Recent trends in corporate leverage
What you don’t know can hurt you: keeping track of risks in the financial system
The financial crisis of 2007-2008 left in its wake new responsibilities for regulators to monitor the economy for risks to financial stability. The new task of monitoring financial stability includes tracking the risks of financial instruments and learning where these risks are located within the financial marketplace. One way to do this is to track the quantities of financial instruments and which institutions hold them. In this article, Leonard Nakamura discusses some limitations of the current data and the current data framework and the extent to which we can use the Flow of Funds for ...
Identification and the effects of monetary policy shocks
The United States international asset and liability position: a comparison of flow of funds and Commerce department presentations
This paper presents a detailed description of how the Flow of Funds' foreign sector asset and liability account is derived. The statistics found in the Flow of Funds' (FOF) foreign sector are related to the Commerce Department's U.S. International Investment Position (IIP) tabulation; a survey of information sources for the foreign sector shows how these data are largely reconcilable with the Commerce Department's IIP. A second section of the paper, based on these statistics, offers some observations about recent developments in the United States' net international investment position.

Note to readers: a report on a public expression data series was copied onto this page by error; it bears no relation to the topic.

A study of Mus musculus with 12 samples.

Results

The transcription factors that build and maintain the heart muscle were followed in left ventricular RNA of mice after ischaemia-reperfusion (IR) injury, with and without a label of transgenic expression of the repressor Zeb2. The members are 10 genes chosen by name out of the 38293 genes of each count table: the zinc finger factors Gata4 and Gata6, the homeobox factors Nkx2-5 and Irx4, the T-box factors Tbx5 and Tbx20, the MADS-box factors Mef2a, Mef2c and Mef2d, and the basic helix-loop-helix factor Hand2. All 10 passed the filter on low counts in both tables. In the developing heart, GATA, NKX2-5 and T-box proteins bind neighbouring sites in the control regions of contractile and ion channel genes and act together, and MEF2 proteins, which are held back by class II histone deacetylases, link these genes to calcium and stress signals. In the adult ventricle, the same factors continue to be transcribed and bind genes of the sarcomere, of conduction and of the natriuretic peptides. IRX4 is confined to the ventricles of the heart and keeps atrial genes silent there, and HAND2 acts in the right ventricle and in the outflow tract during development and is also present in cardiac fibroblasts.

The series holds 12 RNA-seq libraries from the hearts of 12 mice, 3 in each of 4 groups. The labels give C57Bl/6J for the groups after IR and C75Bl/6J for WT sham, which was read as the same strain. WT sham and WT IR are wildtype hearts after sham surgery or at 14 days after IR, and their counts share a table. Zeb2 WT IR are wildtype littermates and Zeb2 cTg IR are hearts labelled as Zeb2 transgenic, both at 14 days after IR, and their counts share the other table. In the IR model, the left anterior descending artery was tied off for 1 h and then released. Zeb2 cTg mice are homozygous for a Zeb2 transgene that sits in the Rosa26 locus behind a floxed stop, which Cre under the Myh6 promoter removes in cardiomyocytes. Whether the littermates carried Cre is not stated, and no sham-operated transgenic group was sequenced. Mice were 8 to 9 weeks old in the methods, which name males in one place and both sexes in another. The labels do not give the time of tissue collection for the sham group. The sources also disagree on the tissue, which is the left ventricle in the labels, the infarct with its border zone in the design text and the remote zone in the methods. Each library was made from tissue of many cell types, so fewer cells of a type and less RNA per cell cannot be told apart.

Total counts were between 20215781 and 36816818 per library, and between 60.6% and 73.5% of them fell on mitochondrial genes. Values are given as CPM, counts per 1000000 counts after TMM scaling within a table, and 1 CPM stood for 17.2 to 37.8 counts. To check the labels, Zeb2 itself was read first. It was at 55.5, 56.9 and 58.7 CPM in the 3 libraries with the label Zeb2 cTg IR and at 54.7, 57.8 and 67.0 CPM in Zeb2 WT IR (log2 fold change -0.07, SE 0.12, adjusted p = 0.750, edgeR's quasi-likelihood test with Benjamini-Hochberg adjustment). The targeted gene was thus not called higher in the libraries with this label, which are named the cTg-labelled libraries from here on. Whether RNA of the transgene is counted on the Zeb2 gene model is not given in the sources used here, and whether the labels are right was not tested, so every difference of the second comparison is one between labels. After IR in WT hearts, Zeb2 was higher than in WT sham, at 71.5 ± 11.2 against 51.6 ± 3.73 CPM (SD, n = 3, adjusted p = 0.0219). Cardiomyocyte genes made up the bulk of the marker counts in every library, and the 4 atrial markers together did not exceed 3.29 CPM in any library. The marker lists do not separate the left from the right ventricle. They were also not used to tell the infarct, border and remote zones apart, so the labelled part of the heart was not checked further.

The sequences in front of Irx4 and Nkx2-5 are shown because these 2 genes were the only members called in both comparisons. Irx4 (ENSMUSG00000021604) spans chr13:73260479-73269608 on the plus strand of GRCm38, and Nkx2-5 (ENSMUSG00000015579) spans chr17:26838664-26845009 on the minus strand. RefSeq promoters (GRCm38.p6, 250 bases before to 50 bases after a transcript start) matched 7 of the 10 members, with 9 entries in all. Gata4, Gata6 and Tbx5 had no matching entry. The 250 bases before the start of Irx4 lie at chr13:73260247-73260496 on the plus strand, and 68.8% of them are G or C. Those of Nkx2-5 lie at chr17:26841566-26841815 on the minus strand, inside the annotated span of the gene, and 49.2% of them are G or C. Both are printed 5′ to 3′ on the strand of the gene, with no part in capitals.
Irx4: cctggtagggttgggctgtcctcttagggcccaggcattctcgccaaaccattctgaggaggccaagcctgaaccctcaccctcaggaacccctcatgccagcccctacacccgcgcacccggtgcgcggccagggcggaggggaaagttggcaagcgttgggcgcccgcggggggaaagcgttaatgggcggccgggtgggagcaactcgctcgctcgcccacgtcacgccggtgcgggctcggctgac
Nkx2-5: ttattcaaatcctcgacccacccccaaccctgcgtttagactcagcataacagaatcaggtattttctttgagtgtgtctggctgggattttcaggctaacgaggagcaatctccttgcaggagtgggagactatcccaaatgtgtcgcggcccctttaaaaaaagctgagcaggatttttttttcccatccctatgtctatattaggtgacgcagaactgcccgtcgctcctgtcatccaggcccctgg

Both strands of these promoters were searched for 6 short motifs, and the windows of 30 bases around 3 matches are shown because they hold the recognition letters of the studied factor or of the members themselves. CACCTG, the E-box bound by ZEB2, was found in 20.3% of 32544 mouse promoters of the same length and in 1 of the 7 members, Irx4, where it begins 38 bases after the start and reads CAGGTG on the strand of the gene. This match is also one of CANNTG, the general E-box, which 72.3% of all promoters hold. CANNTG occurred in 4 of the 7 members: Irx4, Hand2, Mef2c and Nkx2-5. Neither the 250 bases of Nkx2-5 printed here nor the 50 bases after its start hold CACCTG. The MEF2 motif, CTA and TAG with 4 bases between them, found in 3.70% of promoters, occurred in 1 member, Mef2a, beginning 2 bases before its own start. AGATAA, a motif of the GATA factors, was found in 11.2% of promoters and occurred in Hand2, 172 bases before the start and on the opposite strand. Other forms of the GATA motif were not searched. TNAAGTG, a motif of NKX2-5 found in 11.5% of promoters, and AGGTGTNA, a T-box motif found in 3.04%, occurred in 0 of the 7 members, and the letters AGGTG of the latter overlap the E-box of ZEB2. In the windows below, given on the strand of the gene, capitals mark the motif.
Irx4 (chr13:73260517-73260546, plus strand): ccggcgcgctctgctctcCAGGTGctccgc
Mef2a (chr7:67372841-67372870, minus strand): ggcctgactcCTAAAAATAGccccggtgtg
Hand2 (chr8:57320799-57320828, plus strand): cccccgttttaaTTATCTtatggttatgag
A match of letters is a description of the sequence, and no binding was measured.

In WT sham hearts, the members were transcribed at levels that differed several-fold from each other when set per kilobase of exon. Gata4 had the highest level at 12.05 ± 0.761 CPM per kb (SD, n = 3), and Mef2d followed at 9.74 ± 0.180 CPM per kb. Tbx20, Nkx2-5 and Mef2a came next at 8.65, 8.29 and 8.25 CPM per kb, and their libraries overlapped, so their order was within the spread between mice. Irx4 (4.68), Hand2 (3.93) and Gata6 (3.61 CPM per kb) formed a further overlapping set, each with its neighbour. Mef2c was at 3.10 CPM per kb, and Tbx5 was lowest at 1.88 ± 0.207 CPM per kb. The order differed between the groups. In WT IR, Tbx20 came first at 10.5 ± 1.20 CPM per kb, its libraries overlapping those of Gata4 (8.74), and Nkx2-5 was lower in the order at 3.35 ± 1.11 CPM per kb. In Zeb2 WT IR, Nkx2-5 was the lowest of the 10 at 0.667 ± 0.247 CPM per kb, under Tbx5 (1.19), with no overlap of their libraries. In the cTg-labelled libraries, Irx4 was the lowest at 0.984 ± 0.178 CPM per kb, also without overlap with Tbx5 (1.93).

The determinants of international flows of U.S. currency
This paper examines the determinants of cross-border flows of U.S. dollar banknotes, using a new panel data set of bilateral flows between the United States and 103 countries from 1990 to 2007. We show that a gravity model explains international flows of currency as well as it explains international flows of goods and financial assets. We find important roles for market size and transaction costs, consistent with the traditional gravity framework, as well as roles for financial depth, the behavior of the nominal exchange rate, the size of the informal sector, the amount of remittance credits, ...
Deposits and demographics?
Credit flows to businesses during the Great Recession
During the last recession, credit flows suffered their worst slowdown since World War II. A look at selected credit market measures gives some insight into why the slowdown was so severe. The measures also show that in spite of the size of the shock, credit flows actually recovered extremely quickly?a testament to the depth of the credit markets, and possibly the interventions that were taken to support them.